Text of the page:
Moneylenders exploit credit union curbs as lending dries up
LENDING restrictions being imposed on credit unions by the Central Bank are driving people into the hands of moneylenders and threatening the viability of farmers and self-employed people, the main lobby group for the sector has claimed.
A large number of credit unions have been ordered to restrict lending and this is putting huge pressure on ordinary credit union members and stopping credit unions making loans to community groups, the Irish League of Credit Unions claims in a letter sent to the registrar of credit unions, James O'Brien at the Central Bank.
The letter, a copy of which was seen by the Irish Independent, described the restrictions on lending as "inflexible".
In the letter, chief executive of the league Kieron Brennan said the ban on business lending, in addition to restrictions on lending to households, was impacting on small farmers who were traditional borrowers from credit unions.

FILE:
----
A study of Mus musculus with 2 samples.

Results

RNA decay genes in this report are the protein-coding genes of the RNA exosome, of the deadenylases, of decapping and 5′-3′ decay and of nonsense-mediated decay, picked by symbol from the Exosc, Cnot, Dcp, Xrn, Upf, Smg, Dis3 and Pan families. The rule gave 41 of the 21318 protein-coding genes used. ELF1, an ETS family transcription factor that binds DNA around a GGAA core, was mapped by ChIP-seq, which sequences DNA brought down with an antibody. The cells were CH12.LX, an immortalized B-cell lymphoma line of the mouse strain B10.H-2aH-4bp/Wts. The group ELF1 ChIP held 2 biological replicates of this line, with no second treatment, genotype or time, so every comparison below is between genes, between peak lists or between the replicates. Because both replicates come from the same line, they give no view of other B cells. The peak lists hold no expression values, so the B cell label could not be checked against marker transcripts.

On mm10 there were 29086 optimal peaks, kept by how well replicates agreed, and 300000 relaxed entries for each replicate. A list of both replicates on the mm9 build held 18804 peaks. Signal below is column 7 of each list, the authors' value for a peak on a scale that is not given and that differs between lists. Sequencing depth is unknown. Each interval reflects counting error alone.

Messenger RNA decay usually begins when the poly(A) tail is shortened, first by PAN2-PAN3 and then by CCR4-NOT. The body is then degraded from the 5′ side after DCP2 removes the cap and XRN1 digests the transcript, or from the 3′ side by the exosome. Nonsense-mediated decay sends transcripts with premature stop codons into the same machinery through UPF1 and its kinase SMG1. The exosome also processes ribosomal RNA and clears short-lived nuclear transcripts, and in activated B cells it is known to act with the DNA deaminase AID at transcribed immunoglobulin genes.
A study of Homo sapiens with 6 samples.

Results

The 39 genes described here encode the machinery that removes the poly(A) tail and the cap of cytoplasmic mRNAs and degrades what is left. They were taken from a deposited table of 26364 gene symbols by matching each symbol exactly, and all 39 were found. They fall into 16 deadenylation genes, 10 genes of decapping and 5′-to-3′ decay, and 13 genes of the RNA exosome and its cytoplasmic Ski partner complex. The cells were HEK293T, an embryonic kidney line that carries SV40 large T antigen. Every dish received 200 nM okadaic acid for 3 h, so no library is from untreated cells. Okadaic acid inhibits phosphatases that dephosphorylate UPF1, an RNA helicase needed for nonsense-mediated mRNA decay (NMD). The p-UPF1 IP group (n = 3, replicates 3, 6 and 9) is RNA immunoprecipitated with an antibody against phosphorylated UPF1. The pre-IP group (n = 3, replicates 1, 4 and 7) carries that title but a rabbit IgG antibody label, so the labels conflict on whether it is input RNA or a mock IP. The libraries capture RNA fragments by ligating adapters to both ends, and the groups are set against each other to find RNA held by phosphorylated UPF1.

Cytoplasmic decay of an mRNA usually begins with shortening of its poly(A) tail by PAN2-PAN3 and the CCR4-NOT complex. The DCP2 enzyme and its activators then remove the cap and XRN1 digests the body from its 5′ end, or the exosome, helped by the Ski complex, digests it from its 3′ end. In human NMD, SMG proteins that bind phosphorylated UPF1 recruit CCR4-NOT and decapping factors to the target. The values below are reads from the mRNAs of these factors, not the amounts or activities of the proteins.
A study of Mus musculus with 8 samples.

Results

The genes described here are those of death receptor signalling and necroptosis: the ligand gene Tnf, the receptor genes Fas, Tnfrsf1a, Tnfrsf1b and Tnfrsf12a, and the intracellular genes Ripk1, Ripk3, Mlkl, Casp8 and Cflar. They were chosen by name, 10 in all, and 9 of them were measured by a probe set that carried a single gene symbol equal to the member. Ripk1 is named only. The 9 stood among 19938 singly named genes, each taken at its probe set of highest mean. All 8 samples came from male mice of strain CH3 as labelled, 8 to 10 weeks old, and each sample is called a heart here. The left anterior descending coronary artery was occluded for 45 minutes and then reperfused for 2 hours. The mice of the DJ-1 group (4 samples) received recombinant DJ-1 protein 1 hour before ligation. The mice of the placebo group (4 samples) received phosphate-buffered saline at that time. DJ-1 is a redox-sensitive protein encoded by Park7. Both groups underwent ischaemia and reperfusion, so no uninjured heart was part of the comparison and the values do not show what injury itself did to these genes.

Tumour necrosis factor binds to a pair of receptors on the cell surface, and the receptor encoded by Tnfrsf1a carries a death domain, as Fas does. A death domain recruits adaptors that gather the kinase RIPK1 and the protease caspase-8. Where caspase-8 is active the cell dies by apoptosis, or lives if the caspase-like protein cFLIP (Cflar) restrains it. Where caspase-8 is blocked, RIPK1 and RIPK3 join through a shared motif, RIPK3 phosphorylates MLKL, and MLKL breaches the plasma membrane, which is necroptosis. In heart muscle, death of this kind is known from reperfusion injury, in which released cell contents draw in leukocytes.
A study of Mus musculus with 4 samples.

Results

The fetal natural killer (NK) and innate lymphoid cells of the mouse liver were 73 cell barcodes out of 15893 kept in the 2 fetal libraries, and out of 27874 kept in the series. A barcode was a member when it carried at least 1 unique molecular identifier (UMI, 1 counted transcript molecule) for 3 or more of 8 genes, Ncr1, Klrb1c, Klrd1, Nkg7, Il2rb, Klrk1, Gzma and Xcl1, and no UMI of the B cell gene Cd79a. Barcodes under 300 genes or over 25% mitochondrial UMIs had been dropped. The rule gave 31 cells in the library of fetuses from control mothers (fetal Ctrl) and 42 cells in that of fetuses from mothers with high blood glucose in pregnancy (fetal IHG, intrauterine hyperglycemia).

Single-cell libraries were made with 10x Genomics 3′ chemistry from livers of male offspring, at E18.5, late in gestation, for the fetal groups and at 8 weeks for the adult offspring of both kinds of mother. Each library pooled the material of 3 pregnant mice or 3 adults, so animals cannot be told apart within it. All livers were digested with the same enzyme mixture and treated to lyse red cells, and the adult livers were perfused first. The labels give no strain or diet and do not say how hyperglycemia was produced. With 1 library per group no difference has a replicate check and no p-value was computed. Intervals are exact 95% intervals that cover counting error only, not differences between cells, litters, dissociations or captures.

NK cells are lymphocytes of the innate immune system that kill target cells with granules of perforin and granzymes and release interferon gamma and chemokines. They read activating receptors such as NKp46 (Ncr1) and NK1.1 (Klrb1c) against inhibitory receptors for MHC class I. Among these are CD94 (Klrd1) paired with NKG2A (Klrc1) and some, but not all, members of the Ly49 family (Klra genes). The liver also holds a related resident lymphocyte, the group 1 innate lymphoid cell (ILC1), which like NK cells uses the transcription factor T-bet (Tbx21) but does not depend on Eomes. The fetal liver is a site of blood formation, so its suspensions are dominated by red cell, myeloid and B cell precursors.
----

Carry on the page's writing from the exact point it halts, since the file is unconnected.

"Credit unions are now being forced to turn away many members with excellent records requiring modest levels of credit," the letter states.
The ban on business lending meant that self-employed people, farmers and small tradesmen, who were excluded from mainstream lines of credit, risked being put out of business because they could no longer get credit union loans.
A spokeswoman for the Central Bank would not comment on the number of credit unions that had had lending restrictions imposed on them.
It is understood that lending restrictions do not impact on credit unions' abilities to make small personal loans.